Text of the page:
Robson walks along the ancient 'Pilgrim's Way' to the Holy Island of Lindisfarne, known as the 'cradle of English Christianity' and swims with grey seals at the Farne Islands.
Perched 150 metres above the sea; Bamburgh castle has captured Robson’s imagination since he was a boy. Raided by the Vikings from the east, and the Scots from the north, the castle has a turbulent past. As he approaches the castle, Robson says: “Now that, is epic”.
Robson meets Chris Calvert, who has been director of the castle since 2007 and lives there with his family. Chris will never forget the day they moved in, saying “Coming over the hill, and it’s just there in front of that and you’re like ‘we’re going to live in that, really, are you kidding?” With its medieval hall, armoury and over 3,000 historical artefacts, it’s an extraordinary place to call home.
Robson enjoys a rooftop meal with arguably the best view in Northumberland at the top of the castle, and finishes his day by raising the castle’s Northumbrian flag.
The next step of Robson’s journey takes him to Longstone Island on the outer stretch of the Farne Islands. The Farnes are home to a colony of 4,000 Atlantic grey seals, making it one of the best places in Britain to observe these animals in the wild.
Robson meets GP Ben Burville, who has a passion for marine life, saying: “It really is a special place. I’ve dived all over the world, from the arctic to the Caribbean and the Red Sea. If you said I could only dive in one place ever again, it would be the Farne Islands.”
The Farnes, made up of volcanic rock, provide a safe haven for the seals to breed. After diving with Britain’s largest carnivores, Robson says: “You have no idea until you’re under there how magical it is. Then you cannot believe such as extraordinary world is on your doorstep.”
Robson’s final destination is Holy Island, where people travel to from all over the world to make the traditional bare foot walk at low tide along the Pilgrim’s Way. Robson follows in their footsteps to find out what life is like for the island’s inhabitants who welcome 500,000 visitors a year.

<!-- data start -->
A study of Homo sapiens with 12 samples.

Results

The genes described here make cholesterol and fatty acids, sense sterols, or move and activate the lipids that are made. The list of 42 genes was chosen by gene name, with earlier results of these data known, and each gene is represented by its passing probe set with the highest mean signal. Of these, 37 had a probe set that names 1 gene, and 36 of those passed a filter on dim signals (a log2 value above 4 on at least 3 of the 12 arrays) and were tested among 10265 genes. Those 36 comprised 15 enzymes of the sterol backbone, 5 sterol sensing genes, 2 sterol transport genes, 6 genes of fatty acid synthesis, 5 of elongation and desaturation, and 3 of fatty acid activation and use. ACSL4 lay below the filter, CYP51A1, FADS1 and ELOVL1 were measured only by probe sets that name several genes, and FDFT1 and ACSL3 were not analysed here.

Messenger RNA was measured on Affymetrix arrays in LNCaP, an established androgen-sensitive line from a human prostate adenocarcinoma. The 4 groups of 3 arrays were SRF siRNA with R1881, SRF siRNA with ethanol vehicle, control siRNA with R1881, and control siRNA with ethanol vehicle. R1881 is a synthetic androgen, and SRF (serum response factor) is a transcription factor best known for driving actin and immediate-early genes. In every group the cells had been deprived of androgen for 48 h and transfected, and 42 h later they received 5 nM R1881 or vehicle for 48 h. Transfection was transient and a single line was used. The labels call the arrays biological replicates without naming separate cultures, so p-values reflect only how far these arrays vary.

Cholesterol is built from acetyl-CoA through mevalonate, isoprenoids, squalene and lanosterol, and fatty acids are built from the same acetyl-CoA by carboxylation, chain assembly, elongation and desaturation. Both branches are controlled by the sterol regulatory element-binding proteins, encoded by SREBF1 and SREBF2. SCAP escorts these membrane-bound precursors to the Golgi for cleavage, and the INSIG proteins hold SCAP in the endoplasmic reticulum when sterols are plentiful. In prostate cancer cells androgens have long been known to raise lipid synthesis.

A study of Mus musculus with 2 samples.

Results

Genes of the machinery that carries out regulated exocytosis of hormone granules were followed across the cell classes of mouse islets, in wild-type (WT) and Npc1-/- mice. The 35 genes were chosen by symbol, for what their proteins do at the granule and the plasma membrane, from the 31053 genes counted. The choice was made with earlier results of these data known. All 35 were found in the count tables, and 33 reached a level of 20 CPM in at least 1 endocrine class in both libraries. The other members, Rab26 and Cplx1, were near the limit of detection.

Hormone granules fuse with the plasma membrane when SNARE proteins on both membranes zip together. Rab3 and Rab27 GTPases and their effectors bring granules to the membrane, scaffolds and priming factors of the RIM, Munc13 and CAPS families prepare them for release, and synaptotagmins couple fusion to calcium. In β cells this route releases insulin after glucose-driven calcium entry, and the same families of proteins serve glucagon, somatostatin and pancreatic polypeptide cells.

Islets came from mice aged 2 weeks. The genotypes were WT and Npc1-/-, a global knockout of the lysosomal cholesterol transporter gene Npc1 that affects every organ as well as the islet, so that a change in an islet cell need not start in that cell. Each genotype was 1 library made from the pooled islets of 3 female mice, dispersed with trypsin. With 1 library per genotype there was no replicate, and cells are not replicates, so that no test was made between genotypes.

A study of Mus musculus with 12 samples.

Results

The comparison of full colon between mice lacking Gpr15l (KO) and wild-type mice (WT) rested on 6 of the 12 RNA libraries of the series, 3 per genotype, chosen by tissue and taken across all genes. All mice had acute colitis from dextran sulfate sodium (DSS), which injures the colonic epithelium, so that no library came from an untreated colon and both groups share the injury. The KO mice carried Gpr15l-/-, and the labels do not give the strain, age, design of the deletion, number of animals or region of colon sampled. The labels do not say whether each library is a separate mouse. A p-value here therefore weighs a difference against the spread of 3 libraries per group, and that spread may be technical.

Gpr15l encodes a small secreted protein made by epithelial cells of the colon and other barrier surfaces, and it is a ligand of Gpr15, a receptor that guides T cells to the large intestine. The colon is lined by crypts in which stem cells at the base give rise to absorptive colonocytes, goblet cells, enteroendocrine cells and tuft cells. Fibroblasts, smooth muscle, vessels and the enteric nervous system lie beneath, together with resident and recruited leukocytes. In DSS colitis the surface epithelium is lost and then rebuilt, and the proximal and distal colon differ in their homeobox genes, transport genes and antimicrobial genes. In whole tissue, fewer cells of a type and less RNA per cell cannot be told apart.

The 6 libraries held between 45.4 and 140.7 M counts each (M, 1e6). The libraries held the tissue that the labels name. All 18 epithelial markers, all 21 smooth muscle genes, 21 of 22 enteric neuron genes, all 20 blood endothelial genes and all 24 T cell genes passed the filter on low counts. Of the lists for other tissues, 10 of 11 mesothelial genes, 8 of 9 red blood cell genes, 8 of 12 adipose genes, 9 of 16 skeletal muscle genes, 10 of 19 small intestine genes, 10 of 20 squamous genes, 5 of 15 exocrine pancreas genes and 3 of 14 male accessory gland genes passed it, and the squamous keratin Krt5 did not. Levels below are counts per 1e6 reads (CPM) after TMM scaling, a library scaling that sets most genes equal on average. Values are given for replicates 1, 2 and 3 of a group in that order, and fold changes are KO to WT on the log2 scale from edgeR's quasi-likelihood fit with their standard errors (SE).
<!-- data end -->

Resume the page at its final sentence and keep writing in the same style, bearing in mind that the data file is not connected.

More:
Actor Robson Green returns to his home turf for a new factual series, which sees him lead viewers through a unique and often overlooked part of Britain that remains close to his heart.
In Tales from Northumberland with Robson Green, Robson reveals why the county of his birth, to which he has recently returned to live, still remains for him a magical and mysterious ancient kingdom.
Over eight episodes, Robson travels the length and breadth of this magical landscape by land, sea and air to see things he’s never seen before and discover a side of Northumberland that he never knew.
He immerses himself in many of the unique experiences the area has to offer, spending the night in one of the most remote spots in Britain, stargazing into the darkest skies in England and exploring the rich and deep history of a county which has its own flag, tartan and dialect. Not forgetting its iconic locations such as Holy Island and Hadrian’s Wall, which are key to the nation’s ancestral roots.
Stretching from just north of Newcastle up to the Scottish border, Northumberland boasts more castles than any other county as well as vast expanses of unspoilt, rugged countryside, allowing Robson to encounter all walks of county life from a lord and lady to a shepherdess.
As he reconnects with his homeland, Robson also sees it like never before and whether faced with sleeping in a lighthouse, or being attacked by birds in the wilderness, it’s not an experience he will be forgetting any time soon.